Jun 20, 2008

Culture and Hedging

Why am I not too happy that Germany won against Portugal in the quarter final of the Euro-Championship

For those residents of the sleepy town of Geneva that live in the city centre, it may come as a salvation that Germany defeated Portugal yesterday; in what was one of Portugal’s not too brilliant matches. Since “public viewing zones” and so-called “fan zones” have mushroomed in Switzerland’s major towns, every match is followed by an “auto-corso” of supporters of the respective team sneaking with their cars slowly through the city centre and honking for various minutes or hours depending on which country won the match. Now, given the high amount of Portuguese living in Geneva I would have expected at least another two sleepless nights (assuming the Portuguese would have kept winning). Not only are Germans less inclined to celebrate their victories when abroad, but also are they much fewer then the Portuguese in Geneva. So apart from my nationality I had another reason to be happy about Germany winning the match yesterday.

My enthusiasm was abruptly stopped when I realized who the potential future opponents in the final might be (assuming Germany beats the Croatians this time or the Turkish): the Netherlands or Italy (I am sorry Russia and Spain).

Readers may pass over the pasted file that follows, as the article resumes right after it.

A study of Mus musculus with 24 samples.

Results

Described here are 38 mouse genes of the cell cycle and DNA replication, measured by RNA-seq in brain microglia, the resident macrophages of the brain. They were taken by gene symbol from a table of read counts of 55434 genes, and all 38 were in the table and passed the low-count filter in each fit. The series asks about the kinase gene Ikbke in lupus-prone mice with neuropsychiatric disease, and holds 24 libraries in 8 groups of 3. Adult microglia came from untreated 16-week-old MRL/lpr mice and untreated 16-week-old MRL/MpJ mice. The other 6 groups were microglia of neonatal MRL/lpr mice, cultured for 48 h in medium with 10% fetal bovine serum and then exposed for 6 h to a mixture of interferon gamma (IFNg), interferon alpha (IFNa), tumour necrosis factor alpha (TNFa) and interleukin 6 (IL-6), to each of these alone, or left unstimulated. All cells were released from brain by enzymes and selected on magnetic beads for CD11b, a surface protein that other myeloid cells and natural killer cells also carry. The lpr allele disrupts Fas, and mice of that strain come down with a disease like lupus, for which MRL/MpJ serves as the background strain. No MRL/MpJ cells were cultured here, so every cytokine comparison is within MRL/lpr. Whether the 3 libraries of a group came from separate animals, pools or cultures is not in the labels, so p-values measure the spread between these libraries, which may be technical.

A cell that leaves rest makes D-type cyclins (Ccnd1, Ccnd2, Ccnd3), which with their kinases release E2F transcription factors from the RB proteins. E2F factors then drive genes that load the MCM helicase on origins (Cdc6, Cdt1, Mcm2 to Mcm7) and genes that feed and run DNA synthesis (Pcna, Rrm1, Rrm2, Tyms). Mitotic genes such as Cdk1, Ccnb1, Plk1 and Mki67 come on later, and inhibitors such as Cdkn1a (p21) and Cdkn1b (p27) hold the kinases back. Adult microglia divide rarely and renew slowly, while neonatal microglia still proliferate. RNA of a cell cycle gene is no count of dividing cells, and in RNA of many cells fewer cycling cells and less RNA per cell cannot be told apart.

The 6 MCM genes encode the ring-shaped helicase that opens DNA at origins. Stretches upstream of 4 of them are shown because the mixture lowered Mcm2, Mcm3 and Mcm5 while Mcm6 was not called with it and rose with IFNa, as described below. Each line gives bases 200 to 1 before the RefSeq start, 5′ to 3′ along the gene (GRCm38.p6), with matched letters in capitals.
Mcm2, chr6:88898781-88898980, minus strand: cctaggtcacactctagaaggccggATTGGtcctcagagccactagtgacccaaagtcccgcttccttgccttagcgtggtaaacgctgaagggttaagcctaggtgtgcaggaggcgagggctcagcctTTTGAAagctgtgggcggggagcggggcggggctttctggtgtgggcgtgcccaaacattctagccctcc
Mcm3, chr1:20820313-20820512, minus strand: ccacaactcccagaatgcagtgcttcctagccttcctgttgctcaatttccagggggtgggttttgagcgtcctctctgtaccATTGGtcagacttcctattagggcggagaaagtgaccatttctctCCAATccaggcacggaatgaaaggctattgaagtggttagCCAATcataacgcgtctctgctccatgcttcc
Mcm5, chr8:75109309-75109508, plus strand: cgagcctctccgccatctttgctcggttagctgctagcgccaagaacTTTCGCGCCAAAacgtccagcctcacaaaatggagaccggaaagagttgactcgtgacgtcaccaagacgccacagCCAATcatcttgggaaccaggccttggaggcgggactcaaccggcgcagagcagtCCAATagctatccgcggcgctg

Now, why does this matter? Well the “shame” of loosing against the Italians is only dwarfed by loosing against the Dutch and that only by loosing against the English. The fear of loosing against one of these teams explains the seemingly mischievous happiness of Germans when the Dutch were not qualified for the World Cup and the English for this year’s Euro Cup. The funny thing is that I can not explain at all why it is such an issue for me if Germany looses against the Dutch as opposed to loosing against the Spanish. Some might say history. For me it is just that each culture picks some preferred “foes”. Growing up with this stigma and the jokes about the Dutch and Englishmen you can not loosen yourself from it once you are out of age for these kinds of jokes.

Since a second place is worth nothing in these tournaments, I would prefer Germany to loose the Portuguese in the quarter final, if I knew that Germany will loose in the final against the Dutch (Lets assume I know that Germany will loose the Dutch because I use Cosimo and Salvatore’s analysis). But then again hope dies last.

How does it relate to economics? Well, any agent that behaves rational should always bet on their greatest enemy, which gets close to minimizing the cost in the worst case scenario. “Die hard soccer fans” might consider this unethical; but then again where does this ethical understanding come from if not from something related to that person’s culture. Strangely enough, I know a Swiss who is an enthusiastic supporter of the FC Basel, the number one team in Switzerland. He always bets against his team! I presume most Italians would never do this to there favourite club.

Hence, - and I will certainly make some points with Pierre-Louis for this sentence - the impact of culture for decision making should not be under-estimated.

P.S.: For those who do not know this one yet: there is another very interesting reason why economics has a say in soccer, which can be found here.